Asking for It by Louise O’Neill
Release: September 3, 2015
Publisher: Quercus UK
It’s the beginning of the summer in a small town in Ireland. Emma O’Donovan is eighteen years old, beautiful, happy, confident. One night, there’s a party. Everyone is there. All eyes are on Emma.
The next morning, she wakes on the front porch of her house. She can’t remember what happened, she doesn’t know how she got there. She doesn’t know why she’s in pain. But everyone else does.
Photographs taken at the party show, in explicit detail, what happened to Emma that night. But sometimes people don’t want to believe what is right in front of them, especially when the truth concerns the town’s heroes…
I’m going to start by stating my love and devotion to Louise O’Neill. I will bow down to this woman and kiss her feet, that is how much I love her writing!
I have this weird fascination with stories about sexual assault. I can’t really explain it, I just like seeing different perspectives on the issues and seeing survivors, well, surviving. It’s just – this story. Agh! I need a moment to compose, here.
Emma O’Donovan is popular, she’s the life of the party, and – dare I say it – she’s that girl you wouldn’t mind watching fall from her pedestal. One day she wakes up on the front porch of her house with no recollection of how she got there or what happened. She remembers a party, she remembers going, she doesn’t remember anything else. But there are pictures plastered on the internet showing exactly what happened to her. Then flash forward a year and we start to see the trial and her retreat into herself. She stops going to school, jeopardizing her actually graduating, and she’s lost all contact with her friends because everyone thinks she’s lying.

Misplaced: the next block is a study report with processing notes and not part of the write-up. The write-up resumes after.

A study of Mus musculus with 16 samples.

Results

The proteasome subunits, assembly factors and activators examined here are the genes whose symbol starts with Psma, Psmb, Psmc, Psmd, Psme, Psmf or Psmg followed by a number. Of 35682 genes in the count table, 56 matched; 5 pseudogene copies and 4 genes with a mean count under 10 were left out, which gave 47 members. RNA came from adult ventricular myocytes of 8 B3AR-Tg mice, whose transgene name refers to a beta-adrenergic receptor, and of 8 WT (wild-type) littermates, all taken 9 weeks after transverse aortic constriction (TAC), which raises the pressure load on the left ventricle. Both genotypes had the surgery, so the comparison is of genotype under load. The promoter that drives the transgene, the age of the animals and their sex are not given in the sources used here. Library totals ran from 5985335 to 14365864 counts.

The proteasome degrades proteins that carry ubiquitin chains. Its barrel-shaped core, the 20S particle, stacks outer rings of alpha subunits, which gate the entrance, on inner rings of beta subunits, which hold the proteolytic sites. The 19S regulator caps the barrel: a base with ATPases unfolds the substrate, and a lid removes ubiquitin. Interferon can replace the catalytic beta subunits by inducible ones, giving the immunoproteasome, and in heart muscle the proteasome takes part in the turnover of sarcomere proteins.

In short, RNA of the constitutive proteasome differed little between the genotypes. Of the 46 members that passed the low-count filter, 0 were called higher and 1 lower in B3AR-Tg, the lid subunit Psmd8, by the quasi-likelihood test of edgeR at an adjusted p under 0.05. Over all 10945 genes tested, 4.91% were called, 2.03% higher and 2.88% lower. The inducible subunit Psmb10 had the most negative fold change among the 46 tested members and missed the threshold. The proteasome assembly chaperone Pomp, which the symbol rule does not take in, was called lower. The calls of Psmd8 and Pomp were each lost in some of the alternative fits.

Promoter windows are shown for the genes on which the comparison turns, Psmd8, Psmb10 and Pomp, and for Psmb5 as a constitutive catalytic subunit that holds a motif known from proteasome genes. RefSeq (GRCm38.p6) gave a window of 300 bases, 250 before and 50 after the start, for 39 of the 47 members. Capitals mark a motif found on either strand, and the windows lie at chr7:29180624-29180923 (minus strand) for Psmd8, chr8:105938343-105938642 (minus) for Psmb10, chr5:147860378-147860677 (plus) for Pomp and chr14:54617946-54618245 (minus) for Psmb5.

I’m sure my dislike for this tale is from my own bias – so let me just put that out there and get into the story.
Louise O’Neill, again, I worship this woman and will read anything she releases. After Only Ever Yours, I’m now a big fan – lead me to the books! That beings said, I wanted to read this before Only Ever Yours but somehow misplaced it in my many piles of books.
In Asking For It, it was so real, so understandable, and like you were living with Emma, seeing everything happening firsthand. I could feel the resentment others held toward the character as if I were trying to defend my own friend. As a person affected by, lack for another term, rape culture, as a woman, this book succeeds in making you cringe, in making you cry, in making you want to stand up and fight for every right that’s been wronged.
Asking For It fills you with a need to protect Emma even when she doesn’t want to protect herself. This is a book that makes readers feel something deep within themselves.